If corporations are persons, why isn't there a death penalty for them?
[W]hat happened in 1993 is that a wonky Clinton team tried to preemptively compromise with the insurance companies, and did zero organizing to deal with a backlash they didn't foresee. The right-wing innovated to the defeat his plan, using a new combination of genuinely poisonous Congressional politics, direct mail, and cable news punditry. Instead of understanding that they had been outmaneuvered, Clinton Democrats took the lesson that any policy challenging corporate power had low public support, whereas the business community took the lesson from this fight that bad faith poisonous aggression can pass any policy they want.
Well put. And here we are today! One of the key playas in the fight against universal health care (i.e., letting an expedient number of U.S. citizens die) is the US Chamber of Commerce:
Now I've done a fair amount of blogging on Chamber of Commerce and its President Thomas Donahue, who has built the Chamber into the $100 million a year institutional manifestation of this sickness. Donahue has been on the board of both Union Pacific and Sunrise Senior Living when they were found to have serious safety concerns that end up killing or hurting people, and Donahue never loses an opportunity to lobby for relaxed regulations to allow his companies to kill more efficiently. He's going to fight tooth and nail to kill any attempt to change the system for the worse, and he has $100 million to do it.
But it's not just health care.
And with the new Democratic Congress undominated by Dixiecrats for the first time in a hundred years, the fight for universal health care is going to mirror a whole series of clashes with corporate power that include the Employee Free Choice Act, negotiations with Medicare, net neutrality, media consolidation, war profiteering, corruption in the food industry, shareholder abuses, etc. It's that bad. And these are not problems that can be solved this cycle - they are going to require big fights and then one or multiple elections during which the public must ratify our anti-corporate populist message.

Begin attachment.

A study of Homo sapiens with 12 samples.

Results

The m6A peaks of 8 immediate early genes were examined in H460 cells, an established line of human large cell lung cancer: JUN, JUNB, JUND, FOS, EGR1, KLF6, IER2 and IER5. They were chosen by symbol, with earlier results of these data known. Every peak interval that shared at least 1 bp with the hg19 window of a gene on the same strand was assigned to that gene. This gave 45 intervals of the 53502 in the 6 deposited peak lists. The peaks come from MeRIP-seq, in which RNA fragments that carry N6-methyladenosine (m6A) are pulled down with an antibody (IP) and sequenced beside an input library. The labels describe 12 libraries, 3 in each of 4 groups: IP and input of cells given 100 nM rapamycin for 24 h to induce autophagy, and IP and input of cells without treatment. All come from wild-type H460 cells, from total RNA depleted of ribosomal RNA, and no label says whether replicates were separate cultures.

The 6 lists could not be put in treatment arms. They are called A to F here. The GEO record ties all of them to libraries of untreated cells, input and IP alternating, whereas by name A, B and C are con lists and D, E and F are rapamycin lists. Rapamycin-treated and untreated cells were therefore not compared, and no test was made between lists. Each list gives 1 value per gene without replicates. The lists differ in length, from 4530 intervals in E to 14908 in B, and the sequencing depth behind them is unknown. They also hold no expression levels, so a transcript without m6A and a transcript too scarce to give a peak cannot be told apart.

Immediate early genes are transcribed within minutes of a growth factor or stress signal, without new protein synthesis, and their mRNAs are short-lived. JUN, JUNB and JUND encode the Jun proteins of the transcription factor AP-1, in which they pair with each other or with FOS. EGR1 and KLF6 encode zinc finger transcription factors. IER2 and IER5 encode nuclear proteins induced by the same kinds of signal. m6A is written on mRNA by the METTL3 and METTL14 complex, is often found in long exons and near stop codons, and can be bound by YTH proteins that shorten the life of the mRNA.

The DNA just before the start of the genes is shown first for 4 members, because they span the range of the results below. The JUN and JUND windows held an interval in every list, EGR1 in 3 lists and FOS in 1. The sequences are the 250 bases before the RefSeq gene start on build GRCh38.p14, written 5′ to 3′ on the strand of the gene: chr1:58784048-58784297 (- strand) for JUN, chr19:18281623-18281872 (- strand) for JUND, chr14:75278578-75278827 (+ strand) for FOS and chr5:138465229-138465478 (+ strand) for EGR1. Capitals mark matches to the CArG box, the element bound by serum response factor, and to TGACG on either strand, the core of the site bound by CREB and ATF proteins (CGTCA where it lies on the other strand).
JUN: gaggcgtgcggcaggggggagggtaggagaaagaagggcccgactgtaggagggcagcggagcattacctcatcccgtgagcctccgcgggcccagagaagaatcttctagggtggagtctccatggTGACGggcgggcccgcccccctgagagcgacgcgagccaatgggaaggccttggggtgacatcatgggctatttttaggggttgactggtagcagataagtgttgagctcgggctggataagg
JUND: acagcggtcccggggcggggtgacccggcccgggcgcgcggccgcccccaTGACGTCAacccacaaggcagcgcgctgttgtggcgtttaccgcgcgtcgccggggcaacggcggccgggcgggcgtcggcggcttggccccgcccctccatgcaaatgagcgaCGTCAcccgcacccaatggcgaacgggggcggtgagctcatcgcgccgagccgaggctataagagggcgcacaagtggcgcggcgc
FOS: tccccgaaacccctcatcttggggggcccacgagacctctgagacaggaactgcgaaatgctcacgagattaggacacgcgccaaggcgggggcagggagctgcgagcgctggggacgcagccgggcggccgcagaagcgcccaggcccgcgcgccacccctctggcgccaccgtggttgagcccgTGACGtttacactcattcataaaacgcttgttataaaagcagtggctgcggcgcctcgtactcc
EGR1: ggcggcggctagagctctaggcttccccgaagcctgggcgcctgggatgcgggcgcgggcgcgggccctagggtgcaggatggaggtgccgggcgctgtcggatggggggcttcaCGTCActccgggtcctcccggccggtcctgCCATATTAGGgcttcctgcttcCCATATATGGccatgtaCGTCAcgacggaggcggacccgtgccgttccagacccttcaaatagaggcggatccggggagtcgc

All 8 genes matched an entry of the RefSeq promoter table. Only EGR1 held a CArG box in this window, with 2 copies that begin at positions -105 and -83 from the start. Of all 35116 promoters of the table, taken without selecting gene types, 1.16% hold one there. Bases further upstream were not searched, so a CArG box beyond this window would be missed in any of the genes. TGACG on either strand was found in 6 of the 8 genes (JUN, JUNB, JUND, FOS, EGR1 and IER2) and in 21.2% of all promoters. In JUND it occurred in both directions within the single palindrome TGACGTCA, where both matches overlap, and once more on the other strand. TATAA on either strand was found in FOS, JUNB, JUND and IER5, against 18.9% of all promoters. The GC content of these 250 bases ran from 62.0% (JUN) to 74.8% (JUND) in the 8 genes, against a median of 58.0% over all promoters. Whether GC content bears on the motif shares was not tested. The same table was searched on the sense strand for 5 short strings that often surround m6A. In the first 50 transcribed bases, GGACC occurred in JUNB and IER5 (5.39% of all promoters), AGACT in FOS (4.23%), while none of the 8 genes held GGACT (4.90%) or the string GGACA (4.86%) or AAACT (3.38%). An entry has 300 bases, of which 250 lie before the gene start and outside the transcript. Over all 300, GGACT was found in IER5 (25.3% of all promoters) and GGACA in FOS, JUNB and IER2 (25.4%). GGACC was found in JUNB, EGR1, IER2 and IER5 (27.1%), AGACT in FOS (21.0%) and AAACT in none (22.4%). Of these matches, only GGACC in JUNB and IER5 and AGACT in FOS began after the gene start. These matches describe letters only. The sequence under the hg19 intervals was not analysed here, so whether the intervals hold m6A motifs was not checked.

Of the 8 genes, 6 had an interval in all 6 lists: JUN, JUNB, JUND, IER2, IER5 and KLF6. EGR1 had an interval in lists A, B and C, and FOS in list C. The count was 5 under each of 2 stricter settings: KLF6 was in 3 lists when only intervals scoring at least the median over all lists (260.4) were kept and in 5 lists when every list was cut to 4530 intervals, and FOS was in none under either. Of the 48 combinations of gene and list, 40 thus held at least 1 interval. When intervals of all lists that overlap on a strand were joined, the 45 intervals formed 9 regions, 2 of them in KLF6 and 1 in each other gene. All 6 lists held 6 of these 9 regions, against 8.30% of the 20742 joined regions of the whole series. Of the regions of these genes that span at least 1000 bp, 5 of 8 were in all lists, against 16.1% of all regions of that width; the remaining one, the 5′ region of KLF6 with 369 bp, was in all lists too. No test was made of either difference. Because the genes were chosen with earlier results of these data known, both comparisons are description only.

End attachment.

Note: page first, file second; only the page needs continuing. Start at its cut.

Well, look. Union Pacific and Sunrise Senior Living are both murderous corporations. That leaps to the eye from what Matt wrote.
So, how does one give a corporation the death penalty? Obviously not by distributing the corporations assets to the stockholders; shit, they caused the problem by not reining in the corporation they own.
I'd say you compensate the families of the people the corporation murdered (let a jury decide the amount), and then evenly divide the rest among the employees (i.e., no golden parachutes for the executives).
The Murderous Corporations Act of 2008... I like the sound of it. But I'm also reminded, in making this semi-serious proposal, of Meyer's reaction to McGee, when McGee was going to solve money laundering by changing the color of money. Meyer just started shaking his head.... So, it would take a real economist to figure this out.